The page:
Erik Larson

Mar 20, 2010

Like, Whatever

This certainly qualifies as petty itself, but I’m in “gonzo blogger” mode right now, typing away at my suddenly indispensible 12” Netbook (it sat unused for several months while I shunned it in favor of a laptop) in the caffeine-frenzy of Saturday night at the Barnes and Noble. Free Wi-Fi! The petty part is this. A couple of young, high school aged girls have plopped down next to me, and within seconds they have launched into this string of “ya knows” and “I’m likes”, and “and then he was like”, and the obligatory “whaateverrr” (with that strange California surfer tone that somehow is emitted by all young people, no matter where they grew up. I’m convinced that there are sixteen year old girls in Iran right now munching on Persian bran muffins in bookstores and coffee shops, like-whatevering-it in the exact same prosodic rhythms as their sisters in the Barnes and Nobles and Starbucks of America’s towns and cities).

So I’m finished. Forget plowing through another chapter of “Proust was a Neuroscientist” for now. There’s really no where else to sit, and its impossible to read with the jackhammer of dunderheaded comments rattling away beside me. Anyway, in gonzo mode it’s fun to people-listen, I tell myself. Let’s listen! And what do you know, before long my initial despair has transmogrified into this kind of purient curiosity: how vapid can they get? Can Jamie actually manage something so trivial and stupid, that Bergen—who is herself dedicated to the trivial and stupid—actually becomes self-conscious? Is it possible for the weight of the triviality to collapse on them both? Or can they really keep what-evering it, indefinitely, cheerfully oblivious that they are in fact the unwitting subjects of the middle aged gonzo blogger next to them? How will our story end?

I’m on the case now. Surreptitiously absorbing the latest tale of “and-then-he-said, and-I-was-like, and-so-he-goes, but-I’m-like”. There’s a kind of internal logic to it, really, because exactly why did Heath text Bergen in class, telling her that he made out with what’s-her-name? No kidding she was like “no”, I’m now thinking, because I’m suspecting—as they are, I take it—that Heath’s like, you know, he’s like, a jerk .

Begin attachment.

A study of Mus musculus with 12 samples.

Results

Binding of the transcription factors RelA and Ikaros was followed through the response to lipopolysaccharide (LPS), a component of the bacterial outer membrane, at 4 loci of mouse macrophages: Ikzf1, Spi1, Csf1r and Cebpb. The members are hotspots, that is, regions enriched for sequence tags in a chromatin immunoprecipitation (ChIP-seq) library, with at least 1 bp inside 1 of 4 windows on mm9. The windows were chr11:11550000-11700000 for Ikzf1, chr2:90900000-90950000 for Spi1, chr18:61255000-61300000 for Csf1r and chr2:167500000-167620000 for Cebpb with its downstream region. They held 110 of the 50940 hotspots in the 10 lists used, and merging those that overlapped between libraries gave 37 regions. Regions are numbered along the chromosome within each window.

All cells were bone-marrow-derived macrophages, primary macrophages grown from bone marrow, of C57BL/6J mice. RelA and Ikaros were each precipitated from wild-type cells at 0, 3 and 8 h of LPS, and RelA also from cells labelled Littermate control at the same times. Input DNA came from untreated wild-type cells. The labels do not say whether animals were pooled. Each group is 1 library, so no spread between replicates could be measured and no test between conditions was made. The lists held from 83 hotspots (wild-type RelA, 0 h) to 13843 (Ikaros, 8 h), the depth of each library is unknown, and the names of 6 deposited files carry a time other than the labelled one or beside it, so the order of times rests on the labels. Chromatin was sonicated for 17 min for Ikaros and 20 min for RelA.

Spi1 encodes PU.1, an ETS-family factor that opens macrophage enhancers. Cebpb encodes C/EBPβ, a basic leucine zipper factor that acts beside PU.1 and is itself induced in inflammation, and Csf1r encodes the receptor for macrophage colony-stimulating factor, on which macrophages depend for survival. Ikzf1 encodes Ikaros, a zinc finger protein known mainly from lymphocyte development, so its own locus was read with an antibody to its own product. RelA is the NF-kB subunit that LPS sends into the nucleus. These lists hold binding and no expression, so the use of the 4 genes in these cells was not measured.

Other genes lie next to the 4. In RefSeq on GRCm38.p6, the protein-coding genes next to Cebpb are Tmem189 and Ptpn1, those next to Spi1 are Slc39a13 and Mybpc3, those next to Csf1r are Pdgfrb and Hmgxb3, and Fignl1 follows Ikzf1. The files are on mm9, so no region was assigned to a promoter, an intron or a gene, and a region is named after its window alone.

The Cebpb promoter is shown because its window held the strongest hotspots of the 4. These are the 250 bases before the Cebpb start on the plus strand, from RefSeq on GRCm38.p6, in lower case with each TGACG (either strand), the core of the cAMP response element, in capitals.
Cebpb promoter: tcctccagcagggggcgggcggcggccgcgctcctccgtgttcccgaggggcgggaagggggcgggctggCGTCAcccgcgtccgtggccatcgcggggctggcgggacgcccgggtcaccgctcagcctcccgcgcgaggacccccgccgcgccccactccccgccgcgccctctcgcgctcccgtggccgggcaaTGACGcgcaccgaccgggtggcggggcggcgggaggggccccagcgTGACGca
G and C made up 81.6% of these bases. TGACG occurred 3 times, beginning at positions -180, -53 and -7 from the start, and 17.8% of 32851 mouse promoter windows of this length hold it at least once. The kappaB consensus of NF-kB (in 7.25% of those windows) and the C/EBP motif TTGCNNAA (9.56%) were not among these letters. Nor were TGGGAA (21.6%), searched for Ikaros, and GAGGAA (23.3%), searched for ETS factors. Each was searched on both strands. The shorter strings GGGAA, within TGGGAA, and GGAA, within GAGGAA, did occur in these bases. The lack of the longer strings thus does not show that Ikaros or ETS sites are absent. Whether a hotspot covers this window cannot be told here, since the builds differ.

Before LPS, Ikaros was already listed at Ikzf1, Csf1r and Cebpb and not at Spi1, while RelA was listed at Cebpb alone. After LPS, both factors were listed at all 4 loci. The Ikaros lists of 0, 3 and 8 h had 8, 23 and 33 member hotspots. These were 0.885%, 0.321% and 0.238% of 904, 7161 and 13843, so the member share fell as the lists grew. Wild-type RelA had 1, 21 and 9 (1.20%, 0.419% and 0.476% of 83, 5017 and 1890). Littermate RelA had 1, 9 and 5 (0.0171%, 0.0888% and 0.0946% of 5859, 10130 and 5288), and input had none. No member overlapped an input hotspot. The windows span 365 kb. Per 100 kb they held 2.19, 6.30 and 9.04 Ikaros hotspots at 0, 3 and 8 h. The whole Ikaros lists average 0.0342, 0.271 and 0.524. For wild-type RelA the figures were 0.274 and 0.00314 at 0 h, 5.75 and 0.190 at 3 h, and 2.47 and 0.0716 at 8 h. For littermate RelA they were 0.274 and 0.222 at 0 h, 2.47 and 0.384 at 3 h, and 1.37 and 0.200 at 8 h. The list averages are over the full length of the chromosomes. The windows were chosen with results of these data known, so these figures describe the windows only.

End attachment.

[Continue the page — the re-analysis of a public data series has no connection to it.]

So, I’m in it to win it, now. I hit upon the idea of transitioning from mere passive observation to posing a question to them. What will they do? Will they smile? Or laugh? Or look at me in horror? I figure I’ll turn to them, and, in the best older-professional, respectable face I can muster, hit them with something like: “Hi, excuse me, but I’m writing a book on the decline of intellectual conversation among America’s youth, and I was wondering if you could just continue in the vein that you’ve begun, and if you don’t mind I’d like to write about some of your conversation. The chapter that’s relevant is called “The Intolerable Vapidity of Carmen and Laney”, a kind of catchy title (I hope) about how highschool kids drone on and on about the pettiest, most trivial desiderata…”.

(But, alas, I can’t muster it. And it’s just as well, I think, because as quickly as they erased any possibility of reading and thinking, they’ve wrapped up about Heath, met up with two more friends, and are up and on to somewhere else. This leaves me in a comic state of affairs, contemplating the near total disappearance of my initial bemused aggravation twenty minutes ago, left now with a slight disappointment in their departure. Me, abandoned to my reading on Proust and neuroscience, which now seems more effort than fun.)

So our story nears its end. It suffices to close with a few admittedly cursory thoughts on “kids today”. Kids today, they seem so adroit at juxtaposing this manifest silliness with busy-body success, achievement. They’re like, studying all the time, and, like, aceing their SATs, too. It’s entirely possible that the Trivial Two who sat next to me will go on to study law or medicine or English at a respectable college, and end up a few years from now in graduate school, and land white collar, well-paying jobs, and on and on the American dream goes. Kids can, like, talk like this, for, like, a long time, and still end up getting taken seriously later. Onward and upward, for most of them. The “Achievatron”, as David Brooks calls it, just keeps going and going. Many of these kids, seemingly so vapid, are in fact wired for success. (It’s notable that they were, like, at a bookstore on a Saturday night, after all.) The Achievatron is much more difficult to stop then anything Heath can muster, and Heath himself may end up Harvard law. Smart money is: that paper will get written before class on Monday. And as far as Heath goes, you go girl. Like, whateverrr about him.